1964 Harmony-made Silvertone 621 000-Size Flattop Guitar

A friend of mine sent this over for consignment some time back, but I finally got it in the mix. It's one of the cleanest Silvertone 621s I've seen, and I've seen a fair number around here in for "quick fixes" over the years. The finish is particularly good and shows only the most minor wear for its age. It's also all-original save a new bridge, saddle, and pins -- the original "ebonized" maple or pearwood bridges tend to be just cracking-up garbage by the time they're this old.

I know a number of people who've had me fix this same model for them and they still own them -- a tribute to the earthy, rootsy sound this spruce-over-birch model has. It's a lot like the more-usual Harmony H162 but the birch back and sides give it more of a rumbly, growly, 1930s voice compared to the lighter-sounding mahogany-backed H162s. They're good chord-bangers and serve well for fingerpickers who dig-in.

Work included: a neck reset, fret level/dress, new rosewood bridge, new bone saddle, new bridge pins, side dots install, cleaning, and a good setup. The neck is straight and action is bang-on at 3/32" EA and 1/16" DGBE at the 12th fret. I string these with 52w-11 gauges and steer people away from "regular" 54w-12 gauges because while the body won't protest, the necks will protest over time.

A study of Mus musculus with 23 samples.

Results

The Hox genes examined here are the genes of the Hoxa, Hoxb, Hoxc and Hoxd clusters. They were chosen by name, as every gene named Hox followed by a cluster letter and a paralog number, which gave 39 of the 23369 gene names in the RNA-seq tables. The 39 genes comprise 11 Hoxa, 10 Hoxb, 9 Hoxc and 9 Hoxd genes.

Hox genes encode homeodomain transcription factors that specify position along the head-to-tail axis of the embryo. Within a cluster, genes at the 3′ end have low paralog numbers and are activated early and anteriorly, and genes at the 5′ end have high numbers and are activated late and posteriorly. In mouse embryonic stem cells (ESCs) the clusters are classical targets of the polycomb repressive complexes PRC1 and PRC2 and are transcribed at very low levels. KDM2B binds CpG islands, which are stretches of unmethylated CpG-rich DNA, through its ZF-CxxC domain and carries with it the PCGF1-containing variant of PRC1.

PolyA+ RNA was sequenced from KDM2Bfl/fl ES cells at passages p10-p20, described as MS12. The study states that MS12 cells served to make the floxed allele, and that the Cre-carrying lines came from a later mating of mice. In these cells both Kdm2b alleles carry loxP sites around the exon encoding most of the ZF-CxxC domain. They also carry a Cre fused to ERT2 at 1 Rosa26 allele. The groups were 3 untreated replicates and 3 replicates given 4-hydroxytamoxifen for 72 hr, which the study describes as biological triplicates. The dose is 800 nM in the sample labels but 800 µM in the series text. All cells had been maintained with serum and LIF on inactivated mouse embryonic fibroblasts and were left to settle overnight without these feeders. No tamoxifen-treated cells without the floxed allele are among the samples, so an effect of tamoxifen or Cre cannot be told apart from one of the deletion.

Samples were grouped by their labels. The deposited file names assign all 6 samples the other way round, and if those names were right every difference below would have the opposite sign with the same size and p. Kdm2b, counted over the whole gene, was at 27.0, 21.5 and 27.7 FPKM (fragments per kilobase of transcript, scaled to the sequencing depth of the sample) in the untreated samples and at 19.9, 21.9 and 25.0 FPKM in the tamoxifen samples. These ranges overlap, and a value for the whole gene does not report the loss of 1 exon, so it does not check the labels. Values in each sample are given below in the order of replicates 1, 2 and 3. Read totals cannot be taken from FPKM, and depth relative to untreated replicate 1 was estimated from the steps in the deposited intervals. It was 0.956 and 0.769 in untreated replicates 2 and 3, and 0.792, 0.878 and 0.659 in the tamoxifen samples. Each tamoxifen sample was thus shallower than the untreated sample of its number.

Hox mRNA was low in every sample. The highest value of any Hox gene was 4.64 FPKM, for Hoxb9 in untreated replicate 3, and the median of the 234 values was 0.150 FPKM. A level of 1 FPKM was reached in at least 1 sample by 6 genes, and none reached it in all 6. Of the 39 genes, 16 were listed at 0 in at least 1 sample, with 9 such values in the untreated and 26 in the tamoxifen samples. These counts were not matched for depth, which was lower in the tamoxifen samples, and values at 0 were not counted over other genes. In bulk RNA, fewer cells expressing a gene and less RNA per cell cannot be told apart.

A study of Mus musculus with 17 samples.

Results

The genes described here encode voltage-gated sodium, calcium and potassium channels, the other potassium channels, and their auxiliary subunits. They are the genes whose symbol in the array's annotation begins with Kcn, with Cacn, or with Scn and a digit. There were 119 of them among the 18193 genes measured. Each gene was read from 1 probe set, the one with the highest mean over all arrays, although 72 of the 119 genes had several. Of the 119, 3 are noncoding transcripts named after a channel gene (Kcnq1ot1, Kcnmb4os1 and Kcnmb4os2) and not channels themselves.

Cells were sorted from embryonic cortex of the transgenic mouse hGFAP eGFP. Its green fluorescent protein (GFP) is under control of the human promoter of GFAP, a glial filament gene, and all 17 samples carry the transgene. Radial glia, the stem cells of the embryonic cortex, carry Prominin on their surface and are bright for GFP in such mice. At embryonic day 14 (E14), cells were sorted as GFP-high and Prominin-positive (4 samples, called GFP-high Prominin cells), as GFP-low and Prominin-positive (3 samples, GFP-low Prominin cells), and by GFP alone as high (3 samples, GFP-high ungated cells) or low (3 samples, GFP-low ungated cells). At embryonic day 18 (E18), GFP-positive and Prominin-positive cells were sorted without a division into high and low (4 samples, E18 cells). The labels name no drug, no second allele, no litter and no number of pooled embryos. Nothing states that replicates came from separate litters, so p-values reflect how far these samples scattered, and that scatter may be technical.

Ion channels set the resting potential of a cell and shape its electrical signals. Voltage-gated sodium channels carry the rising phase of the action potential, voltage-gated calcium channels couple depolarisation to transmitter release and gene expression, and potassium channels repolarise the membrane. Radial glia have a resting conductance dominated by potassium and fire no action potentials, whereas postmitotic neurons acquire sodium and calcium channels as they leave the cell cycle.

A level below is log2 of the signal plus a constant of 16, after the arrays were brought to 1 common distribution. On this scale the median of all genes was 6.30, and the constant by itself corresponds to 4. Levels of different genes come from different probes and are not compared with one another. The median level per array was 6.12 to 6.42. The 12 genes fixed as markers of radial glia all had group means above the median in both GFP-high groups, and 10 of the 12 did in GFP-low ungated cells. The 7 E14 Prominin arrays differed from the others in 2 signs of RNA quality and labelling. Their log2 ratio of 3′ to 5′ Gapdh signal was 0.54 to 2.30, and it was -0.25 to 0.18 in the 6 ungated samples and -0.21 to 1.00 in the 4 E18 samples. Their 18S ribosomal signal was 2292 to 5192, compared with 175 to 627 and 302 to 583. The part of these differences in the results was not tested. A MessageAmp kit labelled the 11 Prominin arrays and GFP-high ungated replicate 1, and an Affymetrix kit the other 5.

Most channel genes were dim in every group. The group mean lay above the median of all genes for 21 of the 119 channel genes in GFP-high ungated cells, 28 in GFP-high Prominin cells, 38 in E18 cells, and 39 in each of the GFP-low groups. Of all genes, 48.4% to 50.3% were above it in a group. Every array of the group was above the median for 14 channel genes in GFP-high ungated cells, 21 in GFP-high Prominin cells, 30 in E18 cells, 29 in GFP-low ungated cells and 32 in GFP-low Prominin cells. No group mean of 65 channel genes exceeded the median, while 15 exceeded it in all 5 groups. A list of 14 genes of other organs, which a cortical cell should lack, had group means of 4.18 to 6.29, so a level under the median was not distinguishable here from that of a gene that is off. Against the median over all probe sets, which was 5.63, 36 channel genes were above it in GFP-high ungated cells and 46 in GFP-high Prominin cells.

Scale length: 25 1/8"
Nut width: 1 3/4"
String spacing at nut: 1 7/16"
String spacing at bridge: 2 1/16"
Body length: 19"
Lower bout width: 15 1/8"
Waist width: 9 1/4"
Upper bout width: 11 1/2"
Side depth at endpin: 3 7/8"
Top wood: solid spruce
Back/sides wood: solid birch
Neck wood: poplar
Bracing type: ladder
Fretboard: ebonized maple or pearwood, bone nut
Bridge: rosewood, bone saddle, ebony pins
Neck feel: medium C shape, ~10-12" board radius

Condition notes: minor usewear/scratches here and there throughout but mostly very clean, replaced bridge+saddle+pins, otherwise original. Date stamp inside reads S-64.

The new bridge has a drop-in saddle for convenience. I picked-out a greyish-looking rosewood bridge from my stash of them so it'd match more closely with the faded ebonized fretboard.

The original tuners serve just fine -- though keep in mind all these old tuners are about 12:1 ratio and a fussier than modern Kluson-style repros or the like.